Wasabia japonica. The abundant lore surrounding this Japanese native hints at the inimitable flavor within. Shoguns of the Edo Period, beginning 400 years ago, claimed wasabi as their own and guarded their horticultural knowledge of this finicky and highly valued plant. The geography of the Shizuoka Prefecture, bordered by the Pacific Ocean to the east and Mount Fuji to the north, gives us a clue as to the exacting growing requirements of wasabi. Endemic to banks of fast flowing rivers tumbling down mountains, this favored habitat guides today’s gardener.
Despite such a daunting native environment, we are experiencing a healthy crop in northern California despite our irrigation water and occasional heat. However, 15 minutes in full sun on a July morning wilted all the plants, so full shade is definitely necessary for successful growing. As is constant moisture, high humidity and well-draining soil containing organic material. Occasional pests may nibble on leaves, including cabbage moth and mosquito hawk larvae, snails, slugs and aphids. Fungal disease can attack the rhizomes so watch for any root rot. Temperatures between 40-70 degrees F ideal. Plants go dormant when temperatures are outside this range. Hardy to 28 degrees F.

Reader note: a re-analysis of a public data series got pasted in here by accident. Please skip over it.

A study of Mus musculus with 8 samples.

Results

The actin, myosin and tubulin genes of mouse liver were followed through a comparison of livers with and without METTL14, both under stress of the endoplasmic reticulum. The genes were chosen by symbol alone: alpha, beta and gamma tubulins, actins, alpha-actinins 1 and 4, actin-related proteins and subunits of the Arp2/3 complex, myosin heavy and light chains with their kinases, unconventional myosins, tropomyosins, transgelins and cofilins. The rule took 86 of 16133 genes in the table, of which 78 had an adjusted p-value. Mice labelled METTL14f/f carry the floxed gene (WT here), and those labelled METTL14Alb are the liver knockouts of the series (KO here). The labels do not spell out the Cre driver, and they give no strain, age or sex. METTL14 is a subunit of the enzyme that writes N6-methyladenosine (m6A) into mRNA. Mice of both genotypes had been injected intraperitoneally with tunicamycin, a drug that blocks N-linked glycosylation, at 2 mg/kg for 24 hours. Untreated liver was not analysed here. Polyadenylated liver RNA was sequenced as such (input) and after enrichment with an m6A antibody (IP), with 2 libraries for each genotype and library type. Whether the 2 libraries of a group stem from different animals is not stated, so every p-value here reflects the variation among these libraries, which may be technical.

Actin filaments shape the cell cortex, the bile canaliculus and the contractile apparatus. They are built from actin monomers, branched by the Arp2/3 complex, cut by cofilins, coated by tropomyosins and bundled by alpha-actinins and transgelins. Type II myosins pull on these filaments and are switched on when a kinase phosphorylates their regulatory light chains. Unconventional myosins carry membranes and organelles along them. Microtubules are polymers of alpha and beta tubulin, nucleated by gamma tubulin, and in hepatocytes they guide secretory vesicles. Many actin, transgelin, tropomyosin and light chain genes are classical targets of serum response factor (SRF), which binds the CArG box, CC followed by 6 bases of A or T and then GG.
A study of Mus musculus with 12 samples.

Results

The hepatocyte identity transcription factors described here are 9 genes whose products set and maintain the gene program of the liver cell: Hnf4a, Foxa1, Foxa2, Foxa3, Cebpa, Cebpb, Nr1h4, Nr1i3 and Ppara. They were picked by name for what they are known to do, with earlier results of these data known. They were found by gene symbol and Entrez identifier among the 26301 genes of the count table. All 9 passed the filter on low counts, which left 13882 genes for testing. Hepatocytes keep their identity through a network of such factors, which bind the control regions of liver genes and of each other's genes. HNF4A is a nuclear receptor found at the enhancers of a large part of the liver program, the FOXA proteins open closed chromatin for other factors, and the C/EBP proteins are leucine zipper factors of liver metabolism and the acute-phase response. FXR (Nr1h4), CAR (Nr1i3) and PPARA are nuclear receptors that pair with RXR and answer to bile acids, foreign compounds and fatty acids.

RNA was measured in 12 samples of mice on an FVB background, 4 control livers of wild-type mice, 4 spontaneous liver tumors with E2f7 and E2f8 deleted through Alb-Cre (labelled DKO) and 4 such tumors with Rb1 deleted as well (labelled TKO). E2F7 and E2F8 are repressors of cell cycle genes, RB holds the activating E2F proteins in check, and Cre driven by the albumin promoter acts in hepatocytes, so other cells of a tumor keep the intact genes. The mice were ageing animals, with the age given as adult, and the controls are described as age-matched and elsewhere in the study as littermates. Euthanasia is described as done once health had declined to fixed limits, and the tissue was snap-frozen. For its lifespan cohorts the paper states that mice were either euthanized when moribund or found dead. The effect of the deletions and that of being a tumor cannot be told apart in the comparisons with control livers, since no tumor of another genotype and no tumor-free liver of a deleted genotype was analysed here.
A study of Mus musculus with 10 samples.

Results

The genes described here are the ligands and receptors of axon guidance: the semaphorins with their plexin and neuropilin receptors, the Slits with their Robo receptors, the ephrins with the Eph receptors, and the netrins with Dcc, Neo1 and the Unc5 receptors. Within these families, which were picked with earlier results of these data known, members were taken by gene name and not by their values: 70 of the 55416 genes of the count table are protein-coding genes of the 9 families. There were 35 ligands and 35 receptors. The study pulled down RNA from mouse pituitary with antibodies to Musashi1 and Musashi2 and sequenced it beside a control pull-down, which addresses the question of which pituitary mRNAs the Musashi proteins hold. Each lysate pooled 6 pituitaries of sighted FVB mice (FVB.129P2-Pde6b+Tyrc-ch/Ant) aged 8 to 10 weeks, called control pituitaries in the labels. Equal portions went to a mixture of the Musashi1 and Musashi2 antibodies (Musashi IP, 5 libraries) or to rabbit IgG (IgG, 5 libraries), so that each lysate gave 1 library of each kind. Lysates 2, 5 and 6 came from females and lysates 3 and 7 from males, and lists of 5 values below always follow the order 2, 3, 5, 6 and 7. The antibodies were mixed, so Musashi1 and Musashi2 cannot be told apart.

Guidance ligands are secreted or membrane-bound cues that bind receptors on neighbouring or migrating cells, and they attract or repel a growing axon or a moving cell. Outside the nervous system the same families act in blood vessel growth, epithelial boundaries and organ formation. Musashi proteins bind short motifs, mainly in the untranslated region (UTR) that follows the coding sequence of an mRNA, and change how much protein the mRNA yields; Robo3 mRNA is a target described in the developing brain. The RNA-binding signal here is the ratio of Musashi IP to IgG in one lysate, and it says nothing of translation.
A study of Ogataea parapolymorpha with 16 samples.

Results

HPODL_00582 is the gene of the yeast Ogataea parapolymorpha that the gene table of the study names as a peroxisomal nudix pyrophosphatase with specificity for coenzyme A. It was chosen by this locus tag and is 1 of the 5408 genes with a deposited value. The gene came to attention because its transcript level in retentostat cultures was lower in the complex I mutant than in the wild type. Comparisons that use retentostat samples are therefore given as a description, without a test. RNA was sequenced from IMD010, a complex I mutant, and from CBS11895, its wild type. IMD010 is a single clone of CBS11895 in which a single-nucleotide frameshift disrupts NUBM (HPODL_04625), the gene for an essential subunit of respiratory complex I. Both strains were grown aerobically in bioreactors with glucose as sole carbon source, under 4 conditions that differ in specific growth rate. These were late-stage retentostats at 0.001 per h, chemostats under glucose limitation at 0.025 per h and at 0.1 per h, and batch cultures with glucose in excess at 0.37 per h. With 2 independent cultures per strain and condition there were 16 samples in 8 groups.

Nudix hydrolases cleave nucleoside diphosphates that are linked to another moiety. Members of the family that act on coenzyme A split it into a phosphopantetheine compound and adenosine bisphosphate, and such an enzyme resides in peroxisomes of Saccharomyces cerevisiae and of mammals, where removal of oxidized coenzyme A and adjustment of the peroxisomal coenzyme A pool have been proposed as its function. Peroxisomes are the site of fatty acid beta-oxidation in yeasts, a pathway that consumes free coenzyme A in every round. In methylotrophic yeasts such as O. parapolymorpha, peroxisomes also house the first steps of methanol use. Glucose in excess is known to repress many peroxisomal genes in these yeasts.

Given the sensory experience of real wasabi, every requirement is worth the trouble. Even in Berkeley, California, true wasabi is a challenge to find and if you do, expect to pay more than $100/pound. The downside? You'll never be content with the pale green imitation wasabi on offer at sushi restaurants across America. Horseradish, mustard, vinegar and green dye cannot possibly compete with the real thing.
When your plant has several offshoots growing from the main rhizome, you can dig up the entire plant, remove the biggest root and transplant the smaller shoots for your next crop.
Rhizomes are incomparable when freshly dug and grated (find a sharkskin grater if you can). Since the flavor compounds are reactive and volatile, you need to grate right before serving to garner the full wasabi experience. Rhizomes can be stored in the refrigerator for a few weeks before grating.
Leaves taste like firmly textured watercress and are excellent to nibble on, tear into salads, or dip into batter and fry. Don't remove too many because fewer leaves may delay rhizome harvest.
|Wasabi 2 gal|
Wasabia japonica 'Daruma.' This cultivar, 'Daruma', is the most readily available in the U.S. presently because of its relative ease of cultivation. Our wasabi plants are setting offshoots in their 2 gal containers and might be ready for harvest by fall 2017 under ideal conditions. As of February 2017, plants are beginning new growth including flowering stalks. Photo taken in summer 2016. Shipped in 2 gal containers with soil.